A new chapter ahead for Dalima

Dalima Chhibber

Bengaluru: Dalima Chhibber remembers the night before her debut for the national team, back in 2016 in the South Asian Games against Maldives.

As was the practice at that time, the line-up was revealed to her and she knew she was in the starting 11. A fresh faced 18-year-old making the move from age group football to senior level, two-weeks old in the senior camp, was set to walk onto the field as a full-fledged international the next day.

She remembers wanting to speak to someone about the cornucopia of emotions she was feeling - pride, happiness, nerves. But there was to be no conversation that day. In a way, that solidified her desire to pursue sports psychology.

"I did psychology graduation in Delhi while I was travelling and playing with the national team. I've always wanted to do sports psychology - right from when I was in my 11th standard," Dalima told DH.

"I really wanted to be part of the senior team but I'd never met the players and didn't know what it was like. That time, I was nervous and needed to talk to someone. That experience, I realised how important it is for a sportsperson. I walked in with confidence, I couldn't really adapt to the game as I should have, I couldn't control my nerves."

Three years and over three dozen appearances later, Dalima has made the call to follow up on her plans, to help such athletes whose world was about to change.

The 21-year-old, whose versatility and attributes have seen her move seamlessly from defence to midfield and vice versa, announced on Twitter that she will be putting her budding international career on the back burner as she heads to University of Manitoba on a full-scholarship.

There, the Delhi-born, who last played for India in the 3-3 draw against Myanmar in the Olympic Qualifier second round in April, will turn out for her college which plays top division university football under a coach Vanessa Martinez Lagunas, a former assistant coach of the U-17 German women's team with experience in the US and Germany.

But, she corrects when asked about this decision, tough as it was, saying she's not really taking a break.

"I'm not totally on a break, because I will come back and play whenever I have time. Right now I'm travelling for my preseason in Canada and my season starts in September. It's not that I will come back after two years," she stresses.

"I can see a future as a woman footballer but I don't really see sustaining myself just through football. That's why it was important to have a back-up and be able to work simultaneously in the future."

The Indian Women's League has helped in that regard. But that's hardly a full-time contract, and money remains in short supply in the women's game.

"It's a tough call when you have to stop playing for your nation but somewhere, when you have to improve and step up your game, you need to test yourself with better players. It's going to help me and hopefully I can come back and contribute to the national team. It was a tough decision but it had to be made to bring about that change."

Dalima has never been one to shy from fighting for change. The former Gokulam Kerala FC star played the sport for the first time when she took to the field with the boys training under her father as a kid. Her first major tournament was an U-19 national level one, as an 11 year old. And despite her relatively young age, she has used her platform to be vocal about sexism and issues women footballers face.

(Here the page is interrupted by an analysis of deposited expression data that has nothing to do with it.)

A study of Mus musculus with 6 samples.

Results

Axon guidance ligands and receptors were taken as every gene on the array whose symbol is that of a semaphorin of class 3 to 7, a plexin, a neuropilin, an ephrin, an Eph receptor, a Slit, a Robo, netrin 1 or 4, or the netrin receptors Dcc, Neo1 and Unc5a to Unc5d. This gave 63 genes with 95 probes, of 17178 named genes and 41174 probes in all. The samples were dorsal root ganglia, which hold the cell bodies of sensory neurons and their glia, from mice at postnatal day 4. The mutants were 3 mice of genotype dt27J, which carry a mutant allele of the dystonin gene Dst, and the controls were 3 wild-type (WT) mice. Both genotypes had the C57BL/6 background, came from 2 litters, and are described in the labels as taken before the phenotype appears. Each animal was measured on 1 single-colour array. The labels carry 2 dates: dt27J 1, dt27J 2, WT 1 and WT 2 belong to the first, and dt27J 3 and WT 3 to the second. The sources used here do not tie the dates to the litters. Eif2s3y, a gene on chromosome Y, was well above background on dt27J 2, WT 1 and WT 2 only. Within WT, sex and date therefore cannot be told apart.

"People still say 'what do you think is the future for women's football?' or 'we don't think women footballers can do it'. That is why I've been pretty outspoken about this," she remarks.

"So every time I play, its with the intention of proving to everyone that women can play football. In the past opportunities for women's football was far less. Now that is changing. IWL helps a lot of youngsters get a platform to perform and its a national league. Opportunities are coming in now, because we had few good results."

Unsurprisingly, Dalima, whose mother was the first ever female goalscorer for Delhi University, has been one of the loci of the change.

A jack-of-all-trades, she was the MVP during the 2019 SAFF tournament - which India won - and scored a 40-yard freekick in the final against Nepal - a knack for which she had showcased in the IWL the season prior - that was probably the most viral piece of clip in Indian women's football history.

"That went really viral," she admits with a note of awe, nearly four months later. "I was so proud that people were seeing me as a footballer, after all the hard work. People used to say being a girl how far will you go? This was satisfying.

"The women's team in general got a lot of popularity and that's what is important because we have never been in the limelight but after that and the SAFF win, it has changed. When I started there was hardly any games happening but now in Delhi every school has a team. Now, children and women have football all round the year. Even in IWL, there were more teams and matches this year and more players playing as well.

"It's developing," she says. As she gets ready to cross the oceans in the next couple of weeks, her words are filled with hope.